Like It Is
Stepping from the red room into the blue, you can’t miss Mr. Blue (2022), with its glossy, rotund butt, propped on a round blue plinth like a well-endowed blueberry. Circling around the sculpture’s shining cleft, you’ll notice it’s holding a paintbrush with its little blue arm. A beret crowns its face. The artist is present, so to speak, and regards his creations on the walls: large, airbrushed canvases depicting a cast of smeary little dudes. Napping, hugging, gardening, and working, these frog-faced inhabitants of Austin Lee’s virtual world look like they’ve been doodled in 3D with spray foam, spritzed with color, then had their portraits done. Their hairdos shine like gelatin; mushrooms and flowers bend toward their watering cans. Lee’s painting technique combines airbrushed volumetric shading and hard-edged blocking to achieve the floating, unreal quality of renderings in untethered space.
Designed with software, the figures and creatures can be output in several ways: as paintings, of course; but also as sculpture, such as Icarus (2022), the dayglo pink, wyrm-like critter suspended from fishing line in the back, blue gallery; or as animation, as with Staring (2022), another winged beastie, this one flapping and panting in place inside a monitor mounted high on the wall (and offered as an NFT). Mirror (2022), a 3D-printed, nearly life-sizesculpture of a man at a lumpy cyan desk, teleconferencing with what appears to be his own double, is positioned near the front windows in a way that parallels, loosely, the gallery’s real front desk in the next room. The walls of each room are painted solid, Crayola red or blue, as if enveloping the viewer in the horizonless optimism of Lee’s wacky imagination. What’s on view is style.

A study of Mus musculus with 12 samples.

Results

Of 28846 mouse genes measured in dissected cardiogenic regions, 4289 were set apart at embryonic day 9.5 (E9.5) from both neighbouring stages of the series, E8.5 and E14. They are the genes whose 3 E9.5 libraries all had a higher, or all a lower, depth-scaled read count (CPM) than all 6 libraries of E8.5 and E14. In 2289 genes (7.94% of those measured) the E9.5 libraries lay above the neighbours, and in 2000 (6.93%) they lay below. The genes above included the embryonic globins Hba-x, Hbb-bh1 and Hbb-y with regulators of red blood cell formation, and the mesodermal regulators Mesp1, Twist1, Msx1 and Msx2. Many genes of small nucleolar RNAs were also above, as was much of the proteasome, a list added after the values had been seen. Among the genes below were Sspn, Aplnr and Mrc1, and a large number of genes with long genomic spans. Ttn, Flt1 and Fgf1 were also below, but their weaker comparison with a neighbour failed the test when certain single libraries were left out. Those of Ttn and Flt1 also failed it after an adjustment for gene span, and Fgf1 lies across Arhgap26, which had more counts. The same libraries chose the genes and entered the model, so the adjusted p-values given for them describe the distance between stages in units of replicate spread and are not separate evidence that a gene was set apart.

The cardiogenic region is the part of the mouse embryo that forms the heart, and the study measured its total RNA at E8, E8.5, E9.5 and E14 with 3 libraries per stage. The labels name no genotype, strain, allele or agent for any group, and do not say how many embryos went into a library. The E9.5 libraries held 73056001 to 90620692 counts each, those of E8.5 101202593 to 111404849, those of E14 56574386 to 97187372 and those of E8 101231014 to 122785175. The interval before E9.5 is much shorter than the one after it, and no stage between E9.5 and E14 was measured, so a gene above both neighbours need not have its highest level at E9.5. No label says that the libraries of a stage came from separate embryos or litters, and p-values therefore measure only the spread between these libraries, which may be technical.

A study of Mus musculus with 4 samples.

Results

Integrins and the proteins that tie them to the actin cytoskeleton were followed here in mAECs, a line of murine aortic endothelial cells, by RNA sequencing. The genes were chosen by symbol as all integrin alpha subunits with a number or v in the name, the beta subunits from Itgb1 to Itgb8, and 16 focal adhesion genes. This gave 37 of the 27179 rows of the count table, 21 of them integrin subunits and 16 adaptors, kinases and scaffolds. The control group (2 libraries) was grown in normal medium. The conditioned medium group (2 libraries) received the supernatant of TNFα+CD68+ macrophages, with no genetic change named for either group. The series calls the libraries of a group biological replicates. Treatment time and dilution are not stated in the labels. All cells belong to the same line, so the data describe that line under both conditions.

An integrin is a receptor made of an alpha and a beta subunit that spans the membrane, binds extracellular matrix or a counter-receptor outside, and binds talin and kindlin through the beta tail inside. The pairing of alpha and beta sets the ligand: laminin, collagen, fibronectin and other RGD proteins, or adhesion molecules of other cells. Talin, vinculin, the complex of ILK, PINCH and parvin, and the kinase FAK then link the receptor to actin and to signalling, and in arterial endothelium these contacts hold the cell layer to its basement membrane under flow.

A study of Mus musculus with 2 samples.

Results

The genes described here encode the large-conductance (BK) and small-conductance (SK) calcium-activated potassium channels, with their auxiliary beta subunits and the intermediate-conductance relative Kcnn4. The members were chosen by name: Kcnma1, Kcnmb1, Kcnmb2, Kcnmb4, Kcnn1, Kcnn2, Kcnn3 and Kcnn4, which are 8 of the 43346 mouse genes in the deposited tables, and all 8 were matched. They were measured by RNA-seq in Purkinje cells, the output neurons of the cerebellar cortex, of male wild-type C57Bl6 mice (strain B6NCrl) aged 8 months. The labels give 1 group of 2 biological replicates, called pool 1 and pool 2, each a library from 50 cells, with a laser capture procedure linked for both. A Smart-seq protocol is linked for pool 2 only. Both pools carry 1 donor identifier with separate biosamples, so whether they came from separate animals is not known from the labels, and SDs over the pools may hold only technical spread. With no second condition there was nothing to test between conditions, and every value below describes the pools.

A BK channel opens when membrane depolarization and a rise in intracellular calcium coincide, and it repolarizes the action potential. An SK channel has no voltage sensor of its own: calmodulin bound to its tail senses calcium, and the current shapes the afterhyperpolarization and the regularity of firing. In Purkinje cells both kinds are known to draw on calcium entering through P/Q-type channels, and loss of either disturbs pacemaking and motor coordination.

There’s a squishy simplicity to the figures and their activities—whether guilelessly embracing, in 2022’s Love and Pain; watering the grass and frolicking with warpy butterflies in Interaction (2022); or even sizing up a weird meal of lizard garnished with plump flowers in Bezos (2021). The smooth appearance of the figures reflects the smoothness, not to say innocence, of their cartoon existence. They’re like us, Lee seems to say—only smoother, easier, purer. The impish blue artist on his plinth, light-heartedly mooning, has the most puerile energy. For “frightening,” see Run (2022), the tall and slightly ferocious rendering of a panther apparently emerging into focus as it sprints out of the painting’s depths toward the picture plane, its snarling teeth and gums curling around its pale pink mouth. Still, there’s something cute and nostalgic about the predator, like a semi-ironic revival of Thundercats, part of a trend in toys for regressed grownups.
To state the obvious, the work has a generically druggy vibe. Several of the compositions feature Rorschach-like, imperfect symmetry—not fearful or intense so much as pop-psychedelic. The sculptures in particular seem like artifacts of the artist’s trip to the psychic depths, now polished for public consumption in the vein of Takashi Murakami action figures or KAWS dolls. At its best, Lee’s world hugs the line between hell and heaven, as when the influence of psychotropics turns people’s faces or whole bodies both goofy and monstrous at once. At this point, you have two choices: go with the flow—accept that these paintings and their quirky stylization of mundanity exist as an extension of root reality and that, so to speak, you’ve drunk the Kool-Aid––or fight the illusion. Try to plug Lee’s trip into art history or current events, and things will go badly for you. —Travis Diehl
Austin Lee, Notes, 2021 Acrylic on wood 40 x 40 inches. Photo by Genevieve Hanson. Courtesy of the artist and Jeffrey Deitch, New York.